Monday, March 18, 2013

Planning a Christ-Centered Easter

I've mentioned before that I am a holiday worrier and I am passionate about building worthwhile family traditions. Apparently I've been working to perfect this trait for a long time. Many years ago, long before Cameron or any of our kids were in my life, I found this book at a book store and snatched it up in a heartbeat.
It is a useful little book full of ideas for keeping Easter centered on Christ. Don't get me wrong--I think dying Easter eggs is fun, and I enjoy Cadbury and Russell Stover. But I want our kids to understand that we rejoice at Easter because of Jesus Christ, not chocolate.

Our Easter traditions are in a constant state of evolution. As a general rule, we enjoy spending the week leading up to Easter focusing on what Christ did each day in the week before the first Easter. Cameron and I brainstormed and mapped out a rough plan a couple weeks ago. Then we held a little family council with the kids where we chose an Easter song from the Children's Songbook that we want to learn over the next couple of weeks. Our goal is to practice the song each night as part of our family scripture study. Then for the week of Easter here is our plan:

On Palm Sunday (the Sunday before Easter), we always re-enact Christ's triumphal entry into Jerusalem. Cameron is always the donkey, and each child takes a turn riding on him while the rest of us wave "palm branches" (usually green towels) and shout Hosanna. We like to explain the story to the kids, and I am especially fond of the version in Luke 19--I love talking to the kids about how the stones would have cried out in joy at Christ's arrival.

On Monday we discuss how Christ cleansed the temple. I love the version from Matthew 21. We can explain to the kids that after the temple was cleansed, Christ healed the blind and the lame (see verse 14). Similarly, we can serve Christ better when we are clean and worthy.

On Tuesday we like to choose a couple of the teachings or parables that Jesus shared on the Tuesday before Easter. This year Cameron and I are choosing to focus on Matthew 22: 36-40 where Christ shares the commandments to love God and love our fellow man. We'll be discussing with the kids specific ways that our choices can demonstrate our love for God and others.

On Wednesday we're going to be talking to the kids about Judas and his tragic choice to sell Christ. We will prepare a couple little examples of choices we might make to "sell Christ"--little everyday decisions we might make that aren't what He would want. We'll be doing some role playing and re-enacting to bring it all down to our kids' level.

On Thursday evening we would usually be having our Passover dinner. But alas, this year Cameron's mom offered to take the kids for a night so we could have a little getaway. It so happened that this was the only night that fit in our crazy school/pregnancy/kids schedule any time in the next three months, so we jumped on it. So Thursday evening this year we will be praising the name of my mother-in-law and enjoying a little breather.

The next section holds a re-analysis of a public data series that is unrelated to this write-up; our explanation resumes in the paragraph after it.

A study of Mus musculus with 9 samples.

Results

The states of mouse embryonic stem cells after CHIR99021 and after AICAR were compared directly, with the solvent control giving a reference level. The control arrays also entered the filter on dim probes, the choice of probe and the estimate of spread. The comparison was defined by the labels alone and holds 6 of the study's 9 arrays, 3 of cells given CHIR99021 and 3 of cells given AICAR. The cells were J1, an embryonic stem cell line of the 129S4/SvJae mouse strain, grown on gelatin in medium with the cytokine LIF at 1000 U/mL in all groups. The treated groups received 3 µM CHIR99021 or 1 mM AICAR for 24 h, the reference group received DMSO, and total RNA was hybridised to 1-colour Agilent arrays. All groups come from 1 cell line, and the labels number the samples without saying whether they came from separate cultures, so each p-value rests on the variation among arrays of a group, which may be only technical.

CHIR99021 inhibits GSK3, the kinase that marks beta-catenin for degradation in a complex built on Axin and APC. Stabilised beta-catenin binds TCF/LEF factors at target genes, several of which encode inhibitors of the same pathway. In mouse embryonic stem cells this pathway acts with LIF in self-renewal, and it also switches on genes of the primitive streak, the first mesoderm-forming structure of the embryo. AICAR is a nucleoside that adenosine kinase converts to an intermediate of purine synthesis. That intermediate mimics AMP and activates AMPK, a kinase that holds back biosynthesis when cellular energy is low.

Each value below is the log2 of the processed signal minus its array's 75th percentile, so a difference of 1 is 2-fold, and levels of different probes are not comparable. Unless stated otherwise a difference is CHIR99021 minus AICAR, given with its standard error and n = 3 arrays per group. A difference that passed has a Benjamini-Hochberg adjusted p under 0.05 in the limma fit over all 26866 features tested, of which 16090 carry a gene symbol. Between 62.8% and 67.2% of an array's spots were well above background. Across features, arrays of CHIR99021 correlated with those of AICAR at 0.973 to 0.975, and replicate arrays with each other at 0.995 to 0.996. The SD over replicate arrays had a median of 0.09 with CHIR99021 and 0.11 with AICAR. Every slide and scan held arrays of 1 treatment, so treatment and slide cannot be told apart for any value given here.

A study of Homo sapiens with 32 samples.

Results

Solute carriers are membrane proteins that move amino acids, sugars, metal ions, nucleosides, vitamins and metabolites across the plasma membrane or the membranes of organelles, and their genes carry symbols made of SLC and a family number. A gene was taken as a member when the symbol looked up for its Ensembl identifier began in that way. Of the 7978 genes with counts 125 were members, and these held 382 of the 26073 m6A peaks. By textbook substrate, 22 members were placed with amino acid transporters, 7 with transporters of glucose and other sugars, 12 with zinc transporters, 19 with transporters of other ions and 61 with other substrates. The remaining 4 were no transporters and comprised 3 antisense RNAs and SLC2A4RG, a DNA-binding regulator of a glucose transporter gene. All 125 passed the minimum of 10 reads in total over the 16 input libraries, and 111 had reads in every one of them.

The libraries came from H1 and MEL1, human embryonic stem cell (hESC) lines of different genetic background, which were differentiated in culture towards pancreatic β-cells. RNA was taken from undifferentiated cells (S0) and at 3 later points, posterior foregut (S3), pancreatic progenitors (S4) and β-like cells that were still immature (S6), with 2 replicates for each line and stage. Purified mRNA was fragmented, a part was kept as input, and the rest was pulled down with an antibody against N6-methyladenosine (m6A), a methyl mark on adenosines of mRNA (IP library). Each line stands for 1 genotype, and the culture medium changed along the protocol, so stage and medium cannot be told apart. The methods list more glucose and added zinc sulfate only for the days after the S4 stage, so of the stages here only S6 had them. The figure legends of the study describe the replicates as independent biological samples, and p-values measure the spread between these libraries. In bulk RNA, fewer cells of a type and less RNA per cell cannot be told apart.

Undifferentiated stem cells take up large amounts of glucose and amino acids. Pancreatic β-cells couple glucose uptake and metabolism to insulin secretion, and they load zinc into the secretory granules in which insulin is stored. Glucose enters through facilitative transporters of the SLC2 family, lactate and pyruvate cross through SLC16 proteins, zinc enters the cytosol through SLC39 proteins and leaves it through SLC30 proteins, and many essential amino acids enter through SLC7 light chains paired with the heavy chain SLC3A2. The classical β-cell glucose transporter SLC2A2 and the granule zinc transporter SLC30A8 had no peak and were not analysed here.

On Friday we will have our little Passover dinner with our kids. There is rich symbolism behind the traditional Passover food. We recently had a little family night lesson on Moses, the children of Israel, and the first Passover to help the kids piece things together a bit. I like to keep our Passover meal fairly simple. This year we're planning lentil soup and a side platter of cheese, olives, and dried fruit (similar to foods Jesus would have eaten) along with the traditional Passover unleavened bread, roasted eggs, romaine lettuce, and haroset (a mixture of apples, nuts, cinnamon, and grape juice. There is a basic recipe for haroset here if you are interested.)

We also like to read this book by Caralyn Buehner with the kids and discuss the Atonement on a basic, child's level. From our experience, movies depicting the crucifixion are pretty scary for our kids at this age. But we like the tasteful way this book deals with Easter.
                                    In the Garden
On Saturday we have traditionally done Easter baskets, complete with a little trail of jelly beans/fruit snacks/mini marshmallows/fill-in-the-blank sugary item that leads from the kids rooms to the Easter goodies in the living room.
We like to do baskets on Saturday so they don't detract from the Savior's triumph on Easter morning. We will also decorate Easter eggs and enjoy traditional Easter activities.

On Easter Sunday we always have popovers for breakfast--they're empty inside like Christ's tomb on Easter morning. We like to fill them with lots of whipped cream and yogurt and things. While we enjoy them we typically share our testimonies of Jesus Christ, His perfect life, Atonement, and Resurrection.

Easter is a beautiful time of year, and I love ramping up for it by studying the gospels personally and with our kids. He is risen, and I want to teach our kids to rejoice in the eternal life He offers us.